Operation to take Hodeidah essential for Yemenis, security of Red Sea waterway: Saudi Ambassador in DC

File photo showing Saudi Arabian ambassador to the United States Prince Khalid bin Salman arrives on Capitol Hill in Washington, US, July 24, 2017. (Reuters)
Updated 13 June 2018

Operation to take Hodeidah essential for Yemenis, security of Red Sea waterway: Saudi Ambassador in DC

LONDON: Prince Khalid bin Salman bin Abdul Aziz, the saudi ambassador to Washington said in a tweet on his Twitter account that “the coalition operations to liberate the city of Hodeidah are a continuation of the support delivered by the Saudi-led Arab coalition for Yemeni people, and a way to support the freedom of Yemenis against the militia supported by Iran bent on sowing chaos and destruction in the country.

Yemeni forces on Wednesday got closer to Hodeidah after taking control of the suburb of Nekheila south of the town and port of Hodeidah as part of a new operation called ‘Golden victory’ aimed to liberate Hodeidah and its port.

The Saudi Ambassador to Washington added in a separate tweet that the saudi-led Arab coalition operations to re-take Hodeidah are important in light of the increased threat the militias controling the port of Hodeidah have been posing for maritime security in the Red Sea,
which the ambassador added is a vital waterway through which 15% of world trade pass annually as well as regional trade and commerce.

Prince Khaled added that Iran backed Houthi militia have launched repeated attacks on commercial and military ships belonging to Saudi Arabia, the UAE and the US


Thailand’s lost baby dugong dies from shock, eating plastic

Updated 17 August 2019

Thailand’s lost baby dugong dies from shock, eating plastic

  • Marium, the female baby dugong had already lost her mother when she was initially found
  • Biologists tried saving her, but they believe she died of a combination of the plastic and shock

BANGKOK: An 8-month-old dugong nurtured by marine experts after it was found lost near a beach in southern Thailand has died of what biologists believe was a combination of shock and ingesting plastic waste, officials said Saturday.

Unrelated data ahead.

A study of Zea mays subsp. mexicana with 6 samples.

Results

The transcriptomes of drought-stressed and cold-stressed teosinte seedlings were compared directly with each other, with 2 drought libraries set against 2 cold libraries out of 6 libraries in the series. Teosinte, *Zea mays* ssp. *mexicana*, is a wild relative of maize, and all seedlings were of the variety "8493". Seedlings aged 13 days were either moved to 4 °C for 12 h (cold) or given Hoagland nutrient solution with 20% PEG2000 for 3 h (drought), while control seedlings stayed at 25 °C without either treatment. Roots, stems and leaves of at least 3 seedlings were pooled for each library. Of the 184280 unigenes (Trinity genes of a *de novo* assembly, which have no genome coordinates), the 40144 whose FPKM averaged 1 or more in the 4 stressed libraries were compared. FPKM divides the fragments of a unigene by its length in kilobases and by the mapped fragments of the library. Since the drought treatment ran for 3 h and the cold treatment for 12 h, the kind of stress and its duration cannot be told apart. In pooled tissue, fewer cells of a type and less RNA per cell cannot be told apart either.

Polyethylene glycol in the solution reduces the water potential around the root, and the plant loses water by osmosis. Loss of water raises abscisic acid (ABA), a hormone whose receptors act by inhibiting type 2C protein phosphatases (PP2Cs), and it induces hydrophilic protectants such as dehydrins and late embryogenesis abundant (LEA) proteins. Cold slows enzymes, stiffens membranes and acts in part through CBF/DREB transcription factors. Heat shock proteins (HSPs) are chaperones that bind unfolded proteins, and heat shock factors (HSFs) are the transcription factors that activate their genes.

The female dugong — a large ocean mammal — was named “Marium” and became a hit in Thailand after images of biologists embracing and feeding her with milk and seagrass spread across social media. Veterinarians and volunteers had set out in canoes to feed Marium up to 15 times a day while also giving her health checks.
Last week, she was found bruised after being chased and supposedly attacked by a male dugong during the mating season, said Jatuporn Buruspat, director-general of the Department of Marine and Coastal Resources.
She was brought in for treatment in the artificial sea on Libong Island in Krabi province.
“We assume she wandered off too far from her natural habitat and was chased and eventually attacked by another male dugong, or dugongs, as they feel attracted to her,” Jatuporn said Saturday.
An autopsy showed a big amount of plastic waste in her intestine, which could also have played a part in her death as it led to gastritis and blood infection, he said.
“She must have thought these plastics were edible,” Jatuporn said.
The dugong is a species of marine mammal similar to the American manatee and can grow to about 3.4 meters (11 feet) in length. Its conservation status is listed as vulnerable.
Natural Resources and Environment Minister Varawut Silpa-arcpha said Marium’s death saddens the whole nation and the world.
“Her death will remind Thais and people all over the world not to dispose trash into the oceans,” Varawut said at a news conference.